It's a busy and enticing sight. Four by four cars roaring past, taxis consuming the majority of road space, lights flickering on and off. Dazzling neon billboards by Sephora advocating that 'beauty is intelligence'. Timelines showing the constant rise of Coca-Cola and Pepsi sitting side by side as a tram whirls past. Bursts of laughter and giggles. Crowds of chic young girls, elaborately coiffed and darkly mascaraed, strolling arm in arm in a tide of traditional jilbab to Chanel adorned scarves wrapped around their necks teamed with D&G sunglasses.
Where is this, though? Piccadilly Circus? New York? In terms of beauty, spirit and the eclectic mix of nationalities, it could be any of these places and more. Yet, no. This is Dubai. The now capital of capitalism. Flaunting this they are very good at.
The women of the Arab lands have a great heritage of femininity to live up to. Past ages in this area have been dominated and memorialised by the beauty and wealth of Nefertiti and Cleopatra, the allure and diplomacy of Belkis and the Queen of Sheba. Yet it is only in the last decade or two that women in the Middle East have come into their own--nowhere more dramatically has this risen to such shallow heights than in the Middle East's playground of Dubai.
Women strive to be more and more beautiful in today's increasingly glossed-over world of super models and movie stars. And this is one factor that cannot be missed in Dubai either. Each mall is cushioned by another mall, all roads leading to one thing: commodities and plenty of them. Capitalism is in full effect and it's hard to separate the relationship between the city and money. Dubai has time and again been described as the ideal dream world of neo-liberalism, the place where capitalism is allowed to flourish without the least impediment by government regulation.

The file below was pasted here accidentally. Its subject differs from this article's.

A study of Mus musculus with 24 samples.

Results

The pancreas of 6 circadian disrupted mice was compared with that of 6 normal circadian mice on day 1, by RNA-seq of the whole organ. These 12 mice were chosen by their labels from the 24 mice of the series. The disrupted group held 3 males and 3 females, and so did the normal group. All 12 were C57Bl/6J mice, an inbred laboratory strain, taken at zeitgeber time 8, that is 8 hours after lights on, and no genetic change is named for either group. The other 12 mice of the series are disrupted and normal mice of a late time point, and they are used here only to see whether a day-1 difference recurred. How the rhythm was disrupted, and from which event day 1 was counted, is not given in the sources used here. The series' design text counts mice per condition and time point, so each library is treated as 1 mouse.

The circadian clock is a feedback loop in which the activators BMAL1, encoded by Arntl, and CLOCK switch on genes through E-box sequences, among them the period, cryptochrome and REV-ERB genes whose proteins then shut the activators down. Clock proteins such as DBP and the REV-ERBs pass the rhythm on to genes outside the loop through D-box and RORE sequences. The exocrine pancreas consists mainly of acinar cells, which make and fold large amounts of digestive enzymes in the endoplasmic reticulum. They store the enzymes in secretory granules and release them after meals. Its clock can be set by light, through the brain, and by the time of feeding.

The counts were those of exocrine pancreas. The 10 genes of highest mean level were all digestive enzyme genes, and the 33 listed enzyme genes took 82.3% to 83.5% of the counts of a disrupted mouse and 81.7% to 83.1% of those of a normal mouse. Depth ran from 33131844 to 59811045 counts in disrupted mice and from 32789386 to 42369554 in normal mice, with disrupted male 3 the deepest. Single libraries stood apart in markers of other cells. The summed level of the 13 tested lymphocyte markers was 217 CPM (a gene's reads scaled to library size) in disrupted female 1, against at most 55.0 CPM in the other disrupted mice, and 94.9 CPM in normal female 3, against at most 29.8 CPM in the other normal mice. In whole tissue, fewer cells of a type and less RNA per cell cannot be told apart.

However, that which is most striking, but not the least surprising, is that money here buys you a western ideal. A western ideal of what the lifestyle and luxuries living in Europe or North America could bring. But instead on their doorstep. And the women are not shy from showing this.
For example, the Arab beauty standard has traditionally, and sadly, favoured ladies with fairer skin. Although you would think that this standard would change with the evolving diversity of society, it remains a big problem in the east as a whole. It seems that the standard is egged on by "whitening" beauty products that promise a fairer complexion and overall success apparently. The companies marketing these brands, are of course, from the West. It's hard to miss the Clinique counter and the barely-speaking-English worker trying to force you to try a sample cream on your hand and "see the difference!" as you scurry past trying to avoid the Scarlett Johansson Chanel advert with her skin an illuminating white.
Unfortunately, in the UAE as well as in many other countries with a non-white majority, racist beauty standards still exist, which assume the superiority of the colour and the features of 'whites'. Internalised racism has begun to crawl to the surface, whereby women assume that all races are inferior to 'whites', marginalising themselves.
But worry not, money can wash away your dark complexion and Givenchy can give you a brand new set of red lips. L'Oreal can tame your hair to make it manageable and sleek like that pop star and, hey presto. You're no longer a Middle Easterner in the Middle East. You're a stranger in your own city.